Post by: Philip Mitchell, LPC
Everybody loves a good deal. Hop over to the local mall and you’ll see several signs proudly boasting a fantastic sale. Even better, turn on the television and you’ll quickly find yourself swimming in the gooey cheeses of a thousand Papa John’s pizza commercials.
Whether negotiating for a new car, couponing for groceries, or getting a hefty discount on a summer vacation, maximizing potential benefits seems to be encoded into our very DNA.
While we seem to have become rather adept at employing this skill to purchase material goods, we sometimes fail to use this hardwired behavior to fully benefit other areas of our lives.
We may not notice, but we leave a few points on the table by not maximizing positive life experiences. Some moments may seem fairly innocuous, such as choosing to purchase bread rather than learning to bake it (see: yeast, flour, water, luck). But they can be as serious as neglecting to ask the doctor for tips on boosting our cardiac health (see: run nonstop until you reach Alaska).
You’re probably asking: “What does this have to do with family counseling?” It’s a fair question, but in doing so perhaps consider this as well:
How would things be different if you maximized the quality of your life experiences rather than focusing solely on increasing benefits from deals or sales? More specifically: How would the experience of family counseling be for every participant if they were just as prepped and inquisitive as when they went bargain hunting?
For 8 years I’ve worked with parents frustrated by their teens and, in many cases, vice versa. These are fathers, mothers, and young people who, despite their genuine love and appreciation for one another, are past the point of pulling their hair out in despair.
It’s the counselor’s mission to help families identify the puzzles they’re trying to solve, but too often the therapeutic change is strangled by a lack of clarity and intentionality.
Usually, when this happens parents can become despondent, teens become reluctant to participate in sessions, and the process sours. The fault lies with no single party, but the potential benefits of the therapy experience could have been fully realized by keeping just a few key bits of knowledge in focus.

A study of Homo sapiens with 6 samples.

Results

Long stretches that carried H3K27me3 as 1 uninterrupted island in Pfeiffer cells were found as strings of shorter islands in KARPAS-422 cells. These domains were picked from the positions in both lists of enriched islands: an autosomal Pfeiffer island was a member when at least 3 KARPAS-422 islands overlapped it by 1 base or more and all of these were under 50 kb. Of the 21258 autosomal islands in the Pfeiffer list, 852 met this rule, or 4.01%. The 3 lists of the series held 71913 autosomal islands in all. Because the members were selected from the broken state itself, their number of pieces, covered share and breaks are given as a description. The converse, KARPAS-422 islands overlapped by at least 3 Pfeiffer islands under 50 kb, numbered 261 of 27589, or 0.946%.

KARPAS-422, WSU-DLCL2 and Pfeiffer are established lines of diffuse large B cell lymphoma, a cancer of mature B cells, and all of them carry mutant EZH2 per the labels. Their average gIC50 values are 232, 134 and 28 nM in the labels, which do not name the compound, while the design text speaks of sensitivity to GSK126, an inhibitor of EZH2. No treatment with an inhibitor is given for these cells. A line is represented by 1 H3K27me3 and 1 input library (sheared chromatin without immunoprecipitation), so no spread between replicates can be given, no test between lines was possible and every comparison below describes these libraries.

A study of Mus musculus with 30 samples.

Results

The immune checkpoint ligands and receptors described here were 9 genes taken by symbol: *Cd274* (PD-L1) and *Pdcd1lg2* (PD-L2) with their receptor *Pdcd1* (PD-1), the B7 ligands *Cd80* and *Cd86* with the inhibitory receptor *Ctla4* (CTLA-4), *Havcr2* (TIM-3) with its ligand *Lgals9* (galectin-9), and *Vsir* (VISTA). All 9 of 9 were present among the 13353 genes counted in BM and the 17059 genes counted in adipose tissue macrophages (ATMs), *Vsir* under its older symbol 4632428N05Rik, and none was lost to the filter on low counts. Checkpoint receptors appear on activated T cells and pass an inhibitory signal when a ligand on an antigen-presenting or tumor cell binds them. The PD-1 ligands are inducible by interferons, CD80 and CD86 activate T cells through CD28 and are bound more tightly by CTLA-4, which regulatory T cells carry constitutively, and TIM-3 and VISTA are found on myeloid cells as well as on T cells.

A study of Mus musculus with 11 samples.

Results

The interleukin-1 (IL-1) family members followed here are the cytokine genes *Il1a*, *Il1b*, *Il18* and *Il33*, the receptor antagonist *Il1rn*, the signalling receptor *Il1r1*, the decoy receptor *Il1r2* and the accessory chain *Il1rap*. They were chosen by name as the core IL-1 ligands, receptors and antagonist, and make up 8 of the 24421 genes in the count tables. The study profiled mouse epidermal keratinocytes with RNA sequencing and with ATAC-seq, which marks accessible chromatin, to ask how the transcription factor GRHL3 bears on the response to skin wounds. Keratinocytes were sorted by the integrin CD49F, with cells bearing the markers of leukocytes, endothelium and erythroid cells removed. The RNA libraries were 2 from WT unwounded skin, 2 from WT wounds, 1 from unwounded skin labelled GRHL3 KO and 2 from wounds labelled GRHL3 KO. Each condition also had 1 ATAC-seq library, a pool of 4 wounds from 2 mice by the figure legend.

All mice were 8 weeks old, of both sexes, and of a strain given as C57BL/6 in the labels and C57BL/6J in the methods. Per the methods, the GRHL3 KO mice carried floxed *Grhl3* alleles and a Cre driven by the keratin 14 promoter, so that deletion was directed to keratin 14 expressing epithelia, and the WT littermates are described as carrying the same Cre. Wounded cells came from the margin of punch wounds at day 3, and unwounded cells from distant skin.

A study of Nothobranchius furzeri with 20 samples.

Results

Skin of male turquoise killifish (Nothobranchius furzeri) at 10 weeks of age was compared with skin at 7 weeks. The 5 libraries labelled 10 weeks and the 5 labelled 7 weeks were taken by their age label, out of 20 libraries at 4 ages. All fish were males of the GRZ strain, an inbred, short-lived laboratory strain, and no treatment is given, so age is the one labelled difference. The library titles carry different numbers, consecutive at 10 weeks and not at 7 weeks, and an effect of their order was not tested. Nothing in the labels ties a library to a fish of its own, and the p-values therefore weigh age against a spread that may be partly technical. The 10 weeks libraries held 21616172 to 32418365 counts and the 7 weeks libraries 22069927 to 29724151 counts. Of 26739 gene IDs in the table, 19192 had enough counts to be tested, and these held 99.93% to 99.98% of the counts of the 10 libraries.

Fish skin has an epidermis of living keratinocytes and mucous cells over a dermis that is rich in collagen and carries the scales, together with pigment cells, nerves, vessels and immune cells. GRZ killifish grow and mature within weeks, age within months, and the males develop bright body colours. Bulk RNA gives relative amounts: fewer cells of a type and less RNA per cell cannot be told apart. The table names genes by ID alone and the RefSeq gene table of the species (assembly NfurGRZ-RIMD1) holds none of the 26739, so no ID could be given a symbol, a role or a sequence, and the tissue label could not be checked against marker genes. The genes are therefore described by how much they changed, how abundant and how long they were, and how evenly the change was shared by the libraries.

Effective Family Counseling Tip #1: Have a Goal
So you’ve come to counseling because you and your family are having some issues? Awesome. But more specifically: what is it, specifically, that you and family want to improve over the next few weeks? The issues may range from dreadful report cards to “helicopter parenting.”
But the problems families bring into the office often conceal questions of more significance: “What’s the best way for me to get my point across to my mom?” “How do I teach my son the value of work?”
Effective Family Counseling Tip #2: Do the Homework
Remember the training montage in “Rocky” where Stallone is chasing chickens and running outside in 40-degree weather while sporting the famous grey sweats? That’s therapy homework! Therapists may give families an assignment to complete outside of session. This provides the opportunity to practice new patterns of interacting, setting good boundaries, or getting some insight into improving relationships. It may seem silly, but taking advantage of homework is like getting in extra reps at the gym (If, you know, you’re into the gym and exercise stuff).
Effective Family Counseling Tip #3: Be Prepared (to Screw Things Up)
Guess what? You’re not perfect and neither is your teen, and that’s okay. Too often we’re susceptible to throwing in the towel if things don’t immediately change. The same is often true with progress in therapy. If the most recent session was tense or if the homework felt uncomfortable, try sticking with the process and discussing the bumpy ride with the counselor at your family’s next session.
Family counseling can be an incredibly enriching experience capable of producing powerful changes for parents and their children. Being intentional about the change process is an essential part of maximizing the benefits of counseling experiences. So don’t be discouraged to take on homework assignments, remember that the process can be emotionally messy, and keep a clear goal in mind and heart. It may not mean a monetary discount or extra savings, but the life benefits are priceless.
Could Family Counseling help your family?
Contact us to set an appointment with Family Counselor Philip Mitchel, LPC, or one of our other therapists at LaunchPad Counseling in Richmond, VA. You can also sign up online, and we will give you a call to schedule an appointment time. We love to help people feel better and enjoy life!